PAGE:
Health authorities in Australia have closed a catering firm while they investigate the death of a woman who contracted listeriosis.
Officials at the Department of Health and Human Services in the state of Victoria said the confirmed case of listeriosis may be linked to consumption of food supplied to a hospital.
An elderly woman in her 80s who died in an eastern suburbs private hospital on Feb. 4 was diagnosed with listeriosis. I Cook Foods of Dandenong South, a suburb in Melbourne, provides meals to the private hospital.
The commercial caterer was ordered to suspend production while the source of Listeria that caused the woman’s infection is being investigated. The company serves a range of private hospitals, elder care facilities and Meals on Wheels services in the north eastern and south east suburbs of Melbourne, Traralgon and Ballarat.
Testing on food samples collected at I Cook Foods returned six positives for Listeria monocytogenes.
Affected private hospitals, care facilities and Meals on Wheels services were urged to dispose of any foods produced by the caterer between Jan. 13 and Feb. 21 this year. No public hospitals are supplied by the company.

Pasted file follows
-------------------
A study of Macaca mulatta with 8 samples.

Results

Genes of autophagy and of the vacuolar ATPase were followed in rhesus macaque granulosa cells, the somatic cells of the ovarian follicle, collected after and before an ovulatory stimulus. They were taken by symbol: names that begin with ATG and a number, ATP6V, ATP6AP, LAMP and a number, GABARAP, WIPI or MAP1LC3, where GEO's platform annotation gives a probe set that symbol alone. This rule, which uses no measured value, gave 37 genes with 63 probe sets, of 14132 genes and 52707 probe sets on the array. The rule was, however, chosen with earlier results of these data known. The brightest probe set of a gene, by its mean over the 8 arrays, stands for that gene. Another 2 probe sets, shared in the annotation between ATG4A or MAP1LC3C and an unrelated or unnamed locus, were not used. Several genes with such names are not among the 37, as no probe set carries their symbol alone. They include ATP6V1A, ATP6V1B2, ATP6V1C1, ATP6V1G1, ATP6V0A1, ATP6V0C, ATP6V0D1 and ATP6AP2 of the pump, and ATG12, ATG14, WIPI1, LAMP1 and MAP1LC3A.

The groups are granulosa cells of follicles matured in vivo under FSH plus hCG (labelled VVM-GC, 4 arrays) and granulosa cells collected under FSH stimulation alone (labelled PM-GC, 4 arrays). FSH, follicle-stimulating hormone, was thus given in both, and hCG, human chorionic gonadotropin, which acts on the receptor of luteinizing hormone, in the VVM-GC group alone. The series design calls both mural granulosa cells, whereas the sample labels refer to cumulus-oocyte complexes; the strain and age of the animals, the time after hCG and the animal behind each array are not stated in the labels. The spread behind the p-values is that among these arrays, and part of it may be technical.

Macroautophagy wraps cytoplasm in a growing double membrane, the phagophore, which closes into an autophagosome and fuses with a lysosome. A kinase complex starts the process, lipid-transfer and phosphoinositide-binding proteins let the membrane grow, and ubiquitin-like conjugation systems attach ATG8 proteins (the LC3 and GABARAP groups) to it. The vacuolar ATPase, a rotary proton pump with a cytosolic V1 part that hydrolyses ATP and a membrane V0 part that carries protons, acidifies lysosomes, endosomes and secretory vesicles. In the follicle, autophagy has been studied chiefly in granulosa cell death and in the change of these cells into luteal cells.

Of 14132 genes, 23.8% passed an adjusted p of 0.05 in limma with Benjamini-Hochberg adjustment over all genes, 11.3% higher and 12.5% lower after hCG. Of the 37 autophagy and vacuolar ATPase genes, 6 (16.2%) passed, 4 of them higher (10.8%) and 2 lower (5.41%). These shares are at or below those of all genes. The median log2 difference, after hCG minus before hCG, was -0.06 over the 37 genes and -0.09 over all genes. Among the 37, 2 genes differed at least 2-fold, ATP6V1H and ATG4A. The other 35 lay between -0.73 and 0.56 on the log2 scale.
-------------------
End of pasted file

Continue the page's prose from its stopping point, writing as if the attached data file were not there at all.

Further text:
The Department of Health and Human Services and the Greater Dandenong Council closed the facility for a thorough cleaning. It will not reopen until further testing is done and improvements are made. Health authorities are assessing whether changes are required to food handling processes and layout of the premises.
Listeria monocytogenes can be found in many foods including but not limited to raw dairy products; raw and frozen fruits and vegetables; smoked fish and meats; processed meats; and frozen foods such as ice cream and microwave dinners. Cooking to temperatures higher than 65 degrees C kills the bacteria.
Symptoms range from mild flu-like symptoms of fever, chills, muscle aches, nausea and sometimes diarrhea to more serious including meningitis and sepsis. The elderly, pregnant women, newborn infants and people with weak immune systems are more susceptible to infections. The incubation period is usually one to two weeks but can vary between a few days and up to three months.
There have been two cases of listeriosis this year in Victoria compared to nine for the same period in 2018. The state had 27 cases in 2018.